Tomberlin’s ‘At Weddings’ Is A Hushed, Light Folk Record For A Dark World

Philip Cosores


That doesn’t mean they’ve lost the elegant air of hymnals or the soft sweep of a new age worship song. Thankfully, the best bits of those two forms linger in Tomberlin’s music, even if the faith bit has gotten fuzzy. After being homeschooled through her formative years and moving around quite a bit with her family, her choice to leave college was the first decision in a series of steps away from the teachings of her devout Baptist upbringing — and it isn’t just the sweet bluntness of a lyric “I always hated church” that gives the shift away.

Across the scope of At Weddings, she grapples with the awakenings that most teenagers and early twenty-somethings go through, sluicing these moments for the small, round instants of pain and joy that can make or break a young songwriter. In her case, these experiences make her foray into music, joining the eerie flashes of power (“Self-Help) with the unrequited, painful dramas that play out (“Seventeen”) during the growing pains of early adulthood.

The music on the album sticks to these same themes, following very simple chord progressions, mostly on guitar, and fleets of harmonies that swell and spill to punctuate the peaks and valleys of the melody. Tomberlin cites Mirah and even drone music as influences on her simple, lilting sound, and certainly acknowledges the influence of her religious background. But she is quick to cite her songwriting as a means of telling her own stories, as well. After putting the songs together and eventually getting them recorded, a friend sent the songs over to Saddle Creek, who almost immediately reached out to Sarah, eager to release the record, which came out last week to widespread critical acclaim.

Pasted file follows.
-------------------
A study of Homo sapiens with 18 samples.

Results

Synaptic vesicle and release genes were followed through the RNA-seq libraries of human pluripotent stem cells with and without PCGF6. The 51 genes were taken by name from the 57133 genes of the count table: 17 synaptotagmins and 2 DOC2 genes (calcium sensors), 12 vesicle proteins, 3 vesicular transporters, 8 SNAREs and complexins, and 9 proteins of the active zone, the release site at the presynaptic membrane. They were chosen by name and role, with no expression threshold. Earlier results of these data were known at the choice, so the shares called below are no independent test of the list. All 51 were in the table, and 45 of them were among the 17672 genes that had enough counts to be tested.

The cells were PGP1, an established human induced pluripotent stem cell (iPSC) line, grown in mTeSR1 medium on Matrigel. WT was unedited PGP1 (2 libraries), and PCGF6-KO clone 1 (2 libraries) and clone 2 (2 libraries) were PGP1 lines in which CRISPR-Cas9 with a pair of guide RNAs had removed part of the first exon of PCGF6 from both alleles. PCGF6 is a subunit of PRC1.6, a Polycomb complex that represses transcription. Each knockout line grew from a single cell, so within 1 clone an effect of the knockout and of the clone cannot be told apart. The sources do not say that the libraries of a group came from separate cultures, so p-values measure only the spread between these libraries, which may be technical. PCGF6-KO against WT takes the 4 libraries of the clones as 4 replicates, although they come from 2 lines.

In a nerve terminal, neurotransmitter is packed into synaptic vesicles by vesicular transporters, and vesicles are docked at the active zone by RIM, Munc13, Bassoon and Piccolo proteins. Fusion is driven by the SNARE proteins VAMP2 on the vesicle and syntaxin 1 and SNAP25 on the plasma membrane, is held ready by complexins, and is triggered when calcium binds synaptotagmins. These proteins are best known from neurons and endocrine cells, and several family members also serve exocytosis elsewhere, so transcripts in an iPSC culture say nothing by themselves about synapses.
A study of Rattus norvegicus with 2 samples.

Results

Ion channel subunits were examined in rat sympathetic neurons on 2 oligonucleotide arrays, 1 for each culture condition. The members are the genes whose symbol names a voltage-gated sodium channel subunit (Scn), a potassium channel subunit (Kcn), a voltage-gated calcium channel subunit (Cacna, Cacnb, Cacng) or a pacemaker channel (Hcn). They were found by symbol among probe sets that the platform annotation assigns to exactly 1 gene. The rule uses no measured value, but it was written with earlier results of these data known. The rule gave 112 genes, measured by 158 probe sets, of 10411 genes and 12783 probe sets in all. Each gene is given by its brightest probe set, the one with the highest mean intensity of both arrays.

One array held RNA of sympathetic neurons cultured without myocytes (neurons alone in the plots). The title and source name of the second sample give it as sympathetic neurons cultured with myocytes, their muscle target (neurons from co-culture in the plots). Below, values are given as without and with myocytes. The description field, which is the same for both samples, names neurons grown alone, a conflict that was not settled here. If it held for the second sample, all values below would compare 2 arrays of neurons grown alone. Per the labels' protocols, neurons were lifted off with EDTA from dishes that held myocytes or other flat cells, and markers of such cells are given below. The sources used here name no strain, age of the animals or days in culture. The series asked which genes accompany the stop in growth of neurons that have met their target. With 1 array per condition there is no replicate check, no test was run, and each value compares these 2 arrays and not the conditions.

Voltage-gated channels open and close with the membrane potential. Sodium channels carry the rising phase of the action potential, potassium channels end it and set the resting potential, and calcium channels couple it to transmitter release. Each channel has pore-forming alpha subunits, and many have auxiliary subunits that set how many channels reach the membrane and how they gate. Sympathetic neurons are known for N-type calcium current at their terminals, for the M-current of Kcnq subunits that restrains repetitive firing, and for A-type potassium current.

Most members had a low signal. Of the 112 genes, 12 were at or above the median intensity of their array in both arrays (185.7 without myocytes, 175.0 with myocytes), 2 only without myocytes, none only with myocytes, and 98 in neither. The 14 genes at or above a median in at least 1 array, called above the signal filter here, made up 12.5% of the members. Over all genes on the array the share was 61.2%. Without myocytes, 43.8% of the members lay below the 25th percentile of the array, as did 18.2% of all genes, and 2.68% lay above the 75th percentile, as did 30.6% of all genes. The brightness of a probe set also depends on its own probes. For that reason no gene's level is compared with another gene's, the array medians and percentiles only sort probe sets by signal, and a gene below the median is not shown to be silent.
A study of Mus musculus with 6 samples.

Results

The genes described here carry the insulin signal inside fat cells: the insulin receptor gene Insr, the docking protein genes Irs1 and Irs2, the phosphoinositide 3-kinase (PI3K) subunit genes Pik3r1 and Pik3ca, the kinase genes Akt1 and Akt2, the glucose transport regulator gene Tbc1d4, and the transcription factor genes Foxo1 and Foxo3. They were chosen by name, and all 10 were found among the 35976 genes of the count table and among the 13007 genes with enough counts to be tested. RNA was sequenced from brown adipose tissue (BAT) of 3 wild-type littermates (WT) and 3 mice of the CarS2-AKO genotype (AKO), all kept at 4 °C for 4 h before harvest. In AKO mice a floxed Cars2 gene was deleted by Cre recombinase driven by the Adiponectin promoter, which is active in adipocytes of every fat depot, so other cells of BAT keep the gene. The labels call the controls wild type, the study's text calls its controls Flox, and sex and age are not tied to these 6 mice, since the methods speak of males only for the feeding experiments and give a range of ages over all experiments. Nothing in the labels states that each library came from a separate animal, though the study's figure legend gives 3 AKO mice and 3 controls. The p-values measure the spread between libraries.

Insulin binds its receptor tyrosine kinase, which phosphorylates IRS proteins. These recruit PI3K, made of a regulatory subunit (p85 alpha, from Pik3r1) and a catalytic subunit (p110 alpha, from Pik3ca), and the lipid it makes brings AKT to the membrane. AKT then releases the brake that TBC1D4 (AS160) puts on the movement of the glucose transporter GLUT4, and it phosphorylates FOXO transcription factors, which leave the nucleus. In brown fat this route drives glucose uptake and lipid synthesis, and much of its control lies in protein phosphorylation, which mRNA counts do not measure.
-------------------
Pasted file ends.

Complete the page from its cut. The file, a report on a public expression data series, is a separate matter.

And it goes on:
Aside from immediately thinking of The Carpenters, I hear influence from other contemporary female songwriters here, too; the incandescence of Bat For Lashes, a tenderness often attributed to Sharon Van Etten’s writing, and Laura Marling’s florid deadpan all seep their way into At Weddings. In a time that has been remarked upon for its overt darkness, bitterness, and snark, it sometimes feels like a miracle that an album like this one — that is so full of quiet light — is still making its way out into the world, and gaining a strong foothold. We recently corresponded over email about her record, read a condensed and edited version of our conversation below.

As far as the songs on the record, when did they become a cohesive whole in your mind and not just a smattering of different attempts?